I am lucky enough to be holidaying in the country of my birth at present and had lunch the other day with a couple of experienced HR thought leaders in David D’Souza and Simon Heath. Discussions were wide ranging from the true meaning of disruption to the likely impact of K pop on the average HR professional.
Then, as men often do when they get together, we got talking about knobs. Not in any medical or sexual way you understand but inspired by a well known case study of a guy working in a professional services firm who, while exhibiting the worst elements of a knob, was also cornering a particular industry sector and amongst the firm’s top revenue earners.
We’ve all worked with or for the company knobs, perhaps we’ve even been one ourselves at some point in our career. Companies are full of them. You know a knob when you see one. If you aren’t sure what a knob looks like, just go and spend some time with your sales team. Or watch The Office.
Knob: a widely used technical HR term meaning an employee exhibiting political, aggressive, greedy, backstabbing, power hungry, bullying, narcissistic, arrogant behaviors. Can also be known as a knobhead or dick.
This gets right to the heart of the discussion about what organizations are in business to do. Is it to be good corporate citizens who do business in an ethical way with a good culture who put back into the community, or is it simply to make money? Do you tolerate your knobs and do your best to accommodate their style or do you make a statement and rid yourselves of them regardless of the financial or political consequences?
Many organizations who would claim to be good corporate citizens and employers of choice are also riddled with knobs. The larger the organisation the greater the knob factor is likely to be. At its worst extreme of course, you sacrifice many good employees who leave rather than have to put up with a knob’s or group of knobs’ behaviour.
Knobs will tend to employ other knobs and avoid regular contact with HR if they can help it. The company processes don’t apply to them. From “I don’t need to assess candidates, my gut feel is always right” to “I don’t need to do performance reviews, my team are all motivated high performers.” They have an answer for everything and don’t like to be challenged. They are never wrong. They can be successful in the short to medium term, but the cost is often brand, reputational and relationship damage.
Fortunately, the times they are a changing. A combination of the transparency and accountability businesses are now faced with, compliance requirements and a massive shift away from the “greed is good” philosophy and behaviors of old means that it is becoming harder for knobs to flourish, although no matter how many times they get moved out of organizations they seem to find another knob willing to employ them. Hey, they’ve got an impressive CV so they can’t be all bad, right?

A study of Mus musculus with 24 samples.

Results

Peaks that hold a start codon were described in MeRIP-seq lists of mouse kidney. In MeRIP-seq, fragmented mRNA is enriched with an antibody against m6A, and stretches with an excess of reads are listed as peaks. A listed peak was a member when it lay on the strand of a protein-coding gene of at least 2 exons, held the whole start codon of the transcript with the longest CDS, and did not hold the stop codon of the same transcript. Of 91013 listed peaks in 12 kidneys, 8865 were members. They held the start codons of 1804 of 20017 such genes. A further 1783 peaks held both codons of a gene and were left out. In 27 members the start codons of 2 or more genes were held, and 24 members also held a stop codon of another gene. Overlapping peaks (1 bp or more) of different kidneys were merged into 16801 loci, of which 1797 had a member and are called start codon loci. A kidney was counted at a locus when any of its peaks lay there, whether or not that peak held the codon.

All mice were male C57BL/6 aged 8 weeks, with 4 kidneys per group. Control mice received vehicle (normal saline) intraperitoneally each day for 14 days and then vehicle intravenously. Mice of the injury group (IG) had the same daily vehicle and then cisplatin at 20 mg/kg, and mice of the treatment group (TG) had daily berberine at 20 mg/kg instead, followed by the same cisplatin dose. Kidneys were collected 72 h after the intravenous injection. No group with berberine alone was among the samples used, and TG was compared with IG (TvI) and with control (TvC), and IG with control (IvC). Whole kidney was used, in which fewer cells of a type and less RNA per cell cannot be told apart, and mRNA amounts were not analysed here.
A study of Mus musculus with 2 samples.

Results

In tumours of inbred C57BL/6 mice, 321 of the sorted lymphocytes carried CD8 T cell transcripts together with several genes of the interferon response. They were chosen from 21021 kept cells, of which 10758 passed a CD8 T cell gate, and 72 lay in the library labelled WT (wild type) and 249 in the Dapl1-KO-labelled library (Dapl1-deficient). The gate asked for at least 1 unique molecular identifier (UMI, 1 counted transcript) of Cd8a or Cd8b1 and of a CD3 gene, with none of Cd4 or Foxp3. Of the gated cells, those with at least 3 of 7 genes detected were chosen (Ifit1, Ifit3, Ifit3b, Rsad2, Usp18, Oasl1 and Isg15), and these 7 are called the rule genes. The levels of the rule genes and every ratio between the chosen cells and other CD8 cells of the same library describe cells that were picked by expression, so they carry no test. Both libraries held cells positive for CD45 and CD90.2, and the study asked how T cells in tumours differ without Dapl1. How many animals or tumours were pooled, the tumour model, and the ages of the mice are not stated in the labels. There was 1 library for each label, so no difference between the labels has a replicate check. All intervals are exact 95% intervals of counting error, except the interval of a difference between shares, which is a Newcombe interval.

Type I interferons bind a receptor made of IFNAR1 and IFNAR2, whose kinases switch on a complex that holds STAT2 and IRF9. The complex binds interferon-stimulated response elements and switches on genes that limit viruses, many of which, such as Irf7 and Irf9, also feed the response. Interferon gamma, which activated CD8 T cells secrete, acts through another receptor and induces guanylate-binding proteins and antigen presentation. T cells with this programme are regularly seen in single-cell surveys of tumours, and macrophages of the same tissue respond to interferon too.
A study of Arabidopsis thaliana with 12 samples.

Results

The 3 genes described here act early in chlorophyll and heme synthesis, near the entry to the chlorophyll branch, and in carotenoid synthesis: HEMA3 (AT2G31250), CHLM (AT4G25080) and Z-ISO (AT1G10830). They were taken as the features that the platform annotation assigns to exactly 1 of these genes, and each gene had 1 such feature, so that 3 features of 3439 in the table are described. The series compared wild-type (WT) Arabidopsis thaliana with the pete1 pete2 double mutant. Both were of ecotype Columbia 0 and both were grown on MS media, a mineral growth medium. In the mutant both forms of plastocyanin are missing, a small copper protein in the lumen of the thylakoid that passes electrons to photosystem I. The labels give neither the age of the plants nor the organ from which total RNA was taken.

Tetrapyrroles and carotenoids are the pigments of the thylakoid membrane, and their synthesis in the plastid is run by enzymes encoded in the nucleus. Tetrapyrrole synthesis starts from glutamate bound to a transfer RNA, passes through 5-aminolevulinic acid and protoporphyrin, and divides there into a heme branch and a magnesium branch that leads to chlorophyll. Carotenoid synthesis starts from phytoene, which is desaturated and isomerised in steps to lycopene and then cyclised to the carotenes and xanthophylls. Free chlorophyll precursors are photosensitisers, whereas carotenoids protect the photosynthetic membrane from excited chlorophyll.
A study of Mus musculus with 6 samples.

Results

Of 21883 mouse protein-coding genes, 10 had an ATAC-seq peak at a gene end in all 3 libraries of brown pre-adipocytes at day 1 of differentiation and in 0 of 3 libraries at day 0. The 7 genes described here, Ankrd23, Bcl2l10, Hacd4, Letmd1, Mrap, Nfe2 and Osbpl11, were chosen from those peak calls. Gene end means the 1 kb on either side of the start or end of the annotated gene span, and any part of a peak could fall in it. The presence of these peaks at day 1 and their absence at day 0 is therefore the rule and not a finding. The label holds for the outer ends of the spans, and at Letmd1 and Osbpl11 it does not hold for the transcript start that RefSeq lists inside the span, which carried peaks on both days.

The good news is the new generation of companies don’t tend to tolerate knobs for long, if at all. Similarly, the new breed of people professionals should also have a zero tolerance for knobs and knob-like behaviour. Get them out of your organizations.
In other good news, title aside, I have got through this whole piece without a single penis joke or a double entendre. How long will it be (no pun intended) I wonder now the film is out before someone writes the “what HR can learn about dominant behaviour from 50 Shades of Grey” post. Any takers?
6 thoughts on “Get your knobs out”
Or…maybe as leaders we can inspire the knobs to be less knobbish?! Is a person the behaviour they exhibit or is that something they are currently doing? What do you see when you look at a knob? To label and define with negative fixed trait is towards dehumanising, making it easier to discard/get rid. I wonder how someone who used to be a knob, became less of a knob. I wonder what knobs are needing from other to realise their worth and reduce the insecurity that creates the narcissism, aggressive and bullying tendancies. What’s that’s need? Or maybe we should care so much about people as this isn’t HRs responsibility.
May be time for HR to quit the “nanny” job without notice the onus on knobs to deal with their emotions and knob like behaviours in a more appropriate way! I haven’t come across any for a while 🙂
“50 things HR can learn from 50 Shades of Grey” – I can see it in lights Richard. Thanks for the light Friday read.
I think there is a lot to be said for good old fashioned self awareness. Sadly lacking in many knobs.
You got an audible giggle out of me at the end of your blog. Entertaining and very well articulated. Thank you. My question is how do you avoid becoming a knob? Perhaps you’ve summed it up hrmannz in your point about self awareness? Do self-aware people still have the potential to become knobs?
Thanks Mel. I think you can avoid being a knob if you have self awareness. You will know if you are being a knob. Knobs tend to be the last to recognise knobbery in themselves.